News Release: Former JAG-K Student Now Passes On Lessons Learned

When the Jobs for America’s Graduates–Kansas (JAG-K) program at F.L. Schlagle High School in Kansas City needed a new Career Specialist, it found a candidate familiar with the program because she was a product of JAG-K herself.

The evidence-based program helps students prepare for post-secondary education and employment opportunities. JAG-K programs across the state, serving approximately 6,000 students, reports a graduation rate of 96 percent over the past four years.

One of those graduates – 2019 Basehor-Linwood High School grad Kyleigh Raun – filled the vacancy at F.L. Schlagle last spring and began passing on the lessons she learned in JAG-K and as well as in the workplace.

Raun participated in the JAG-K program at Basehor-Linwood for three years. She said it helped her succeed in school and prepared her for life after graduation.

“I had a ton of distractions that made high school tough for me. JAG-K really helped get me focused,” Raun said. “My specialist saw things in me that I didn’t see in myself, and she knew how to stay on top of me and push me further than I would have gone by myself.”

After graduating high school, Raun took a job at a Kansas City-area business and thrived. After just a few months working in the company’s warehouse, she was promoted. She spent two years with the company in the logistics and accounting departments.

JAG-K is a multi-year, in-school program for students in grades 6-12 that offers tools to successfully transition students into post-secondary school, the military, or directly into the workforce with marketable skills.

Raun believes that gaining work experience before going to post-secondary education is something students should consider.

“Taking time to work before going to college can give you time to find out what kind of person you are in the ‘real world,’ and what kind of work you like,” Raun said. “Then you can pick a better direction for you. There are plenty of places where you can get on-the-job training that will equip you to work your way up from entry level to management positions.”

JAG-K provides opportunities for students to explore careers through employer engagement relationships. Those experiences may include field trips, job shadows, internships and summer or part-time employment. It helps students develop the ‘soft skills’ necessary to succeed in the workplace. And it equips them with the resume, application and interview tools needed to enter the workforce.

“I gained employability skills from JAG-K,” Raun said. “It helped me learn how to use my natural ability to communicate in a way that helps in the workplace. I learned how to prepare a resume and cover letter that is customized for every job, and I improved my interview skills.”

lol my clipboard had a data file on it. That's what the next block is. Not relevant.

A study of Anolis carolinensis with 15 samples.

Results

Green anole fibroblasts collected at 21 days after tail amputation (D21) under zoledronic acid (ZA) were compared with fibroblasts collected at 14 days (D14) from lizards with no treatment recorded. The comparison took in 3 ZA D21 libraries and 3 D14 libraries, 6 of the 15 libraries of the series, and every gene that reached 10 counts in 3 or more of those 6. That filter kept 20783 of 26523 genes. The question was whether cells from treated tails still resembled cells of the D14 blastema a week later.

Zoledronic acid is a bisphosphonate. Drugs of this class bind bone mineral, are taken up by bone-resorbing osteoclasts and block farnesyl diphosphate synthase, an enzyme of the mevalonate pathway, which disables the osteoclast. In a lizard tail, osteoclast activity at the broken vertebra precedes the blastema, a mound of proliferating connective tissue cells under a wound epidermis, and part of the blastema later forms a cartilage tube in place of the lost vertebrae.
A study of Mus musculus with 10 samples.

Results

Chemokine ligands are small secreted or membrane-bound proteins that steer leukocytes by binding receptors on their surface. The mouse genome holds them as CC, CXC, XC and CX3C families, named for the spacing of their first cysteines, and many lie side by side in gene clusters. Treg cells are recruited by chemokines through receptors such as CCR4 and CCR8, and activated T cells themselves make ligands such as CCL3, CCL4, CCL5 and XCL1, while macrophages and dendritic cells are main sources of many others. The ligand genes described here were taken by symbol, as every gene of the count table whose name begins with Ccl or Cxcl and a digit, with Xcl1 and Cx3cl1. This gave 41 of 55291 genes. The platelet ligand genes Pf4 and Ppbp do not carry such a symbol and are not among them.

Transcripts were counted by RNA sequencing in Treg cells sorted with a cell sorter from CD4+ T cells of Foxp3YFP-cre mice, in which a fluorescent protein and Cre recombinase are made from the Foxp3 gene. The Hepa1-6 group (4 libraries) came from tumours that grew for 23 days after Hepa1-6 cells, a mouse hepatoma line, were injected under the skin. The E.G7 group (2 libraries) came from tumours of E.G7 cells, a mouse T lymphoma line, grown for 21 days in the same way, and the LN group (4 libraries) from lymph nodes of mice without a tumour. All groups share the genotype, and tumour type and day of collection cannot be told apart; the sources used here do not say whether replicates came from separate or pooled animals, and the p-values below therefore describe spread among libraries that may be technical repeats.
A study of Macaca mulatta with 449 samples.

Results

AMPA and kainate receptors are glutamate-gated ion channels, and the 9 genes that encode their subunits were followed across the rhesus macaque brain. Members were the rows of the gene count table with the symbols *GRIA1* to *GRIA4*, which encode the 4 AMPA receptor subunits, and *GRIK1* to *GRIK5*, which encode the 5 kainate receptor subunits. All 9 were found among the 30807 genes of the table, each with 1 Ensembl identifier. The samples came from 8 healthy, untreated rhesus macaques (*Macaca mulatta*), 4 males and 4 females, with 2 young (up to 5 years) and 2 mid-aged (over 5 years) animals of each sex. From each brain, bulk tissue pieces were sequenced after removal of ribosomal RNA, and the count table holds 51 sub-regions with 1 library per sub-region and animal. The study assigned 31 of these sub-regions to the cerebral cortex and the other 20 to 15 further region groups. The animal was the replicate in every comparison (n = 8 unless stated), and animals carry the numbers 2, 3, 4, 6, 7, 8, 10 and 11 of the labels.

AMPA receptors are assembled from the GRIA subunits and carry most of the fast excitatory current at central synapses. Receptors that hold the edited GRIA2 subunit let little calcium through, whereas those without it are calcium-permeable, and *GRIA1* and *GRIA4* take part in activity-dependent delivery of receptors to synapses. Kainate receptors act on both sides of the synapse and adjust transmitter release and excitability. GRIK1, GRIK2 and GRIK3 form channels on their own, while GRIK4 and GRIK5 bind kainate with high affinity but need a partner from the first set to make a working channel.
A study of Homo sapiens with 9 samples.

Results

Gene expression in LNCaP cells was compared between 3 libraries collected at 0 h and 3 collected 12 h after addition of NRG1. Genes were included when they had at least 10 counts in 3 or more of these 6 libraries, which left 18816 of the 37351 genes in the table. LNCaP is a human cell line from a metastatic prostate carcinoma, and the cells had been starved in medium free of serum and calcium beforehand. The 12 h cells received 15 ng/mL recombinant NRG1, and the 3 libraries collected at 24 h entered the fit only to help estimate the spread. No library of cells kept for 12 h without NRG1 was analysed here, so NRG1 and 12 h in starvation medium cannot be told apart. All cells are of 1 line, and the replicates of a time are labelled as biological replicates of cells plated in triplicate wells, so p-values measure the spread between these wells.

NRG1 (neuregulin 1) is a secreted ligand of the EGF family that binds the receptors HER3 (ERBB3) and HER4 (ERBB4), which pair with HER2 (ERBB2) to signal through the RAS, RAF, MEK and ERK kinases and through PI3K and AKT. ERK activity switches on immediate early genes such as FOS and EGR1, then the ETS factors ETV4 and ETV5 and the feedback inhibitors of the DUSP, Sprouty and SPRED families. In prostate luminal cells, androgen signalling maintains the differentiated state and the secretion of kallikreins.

Raun is not just teaching students. She is setting an example for them. While working full time as a JAG-K Career Specialist, she is taking college courses in WHAT at Kansas City Community College in her spare time.

“The most important thing that I can give to students is confidence,” Raun said. “A lot of life is how you present yourself, and JAG-K helps students feel confident in what they have to offer. Then we help them learn how to back up their presentation with their work and their actions.”

JAG-K is a multi-year, in-school program for students in grades 6-12 that offers tools to successfully transition students into post-secondary school, the military, or directly into the workforce with marketable skills. Participants in the program face multiple barriers to success that their JAG-K Career Specialist helps them overcome through a nationally-accredited, evidence-based model.

The 501(c)3 not-for-profit organization is a state affiliate of the national JAG program network which operates in 38 different states and territories. It is primarily funded through the Temporary Assistance for Needy Families block grant to the State of Kansas administered by the Kansas Department for Children and Families (DCF). In addition to school districts and DCF, JAG-K partners with the Kansas Department of Education. Other JAG-K funding sources include ADM, AT&T, EagleU, Evergy, Goldstein Charitable Trust, the JB and Anne Hodgdon Foundation, John Deere, the Kansas Chamber of Commerce, Kansas Gas Service, the Kansas Insurance Department, the Kansas State Bank Commissioner, Royals Charities, Synchrony Financial, the Taco Bell Foundation, the City of Topeka, United Way of the Plains and Walmart.

To learn more about JAG-K, visit, ‘Jobs for America’s Graduates-Kansas’ on Facebook, and on Twitter at @JAG_Kansas.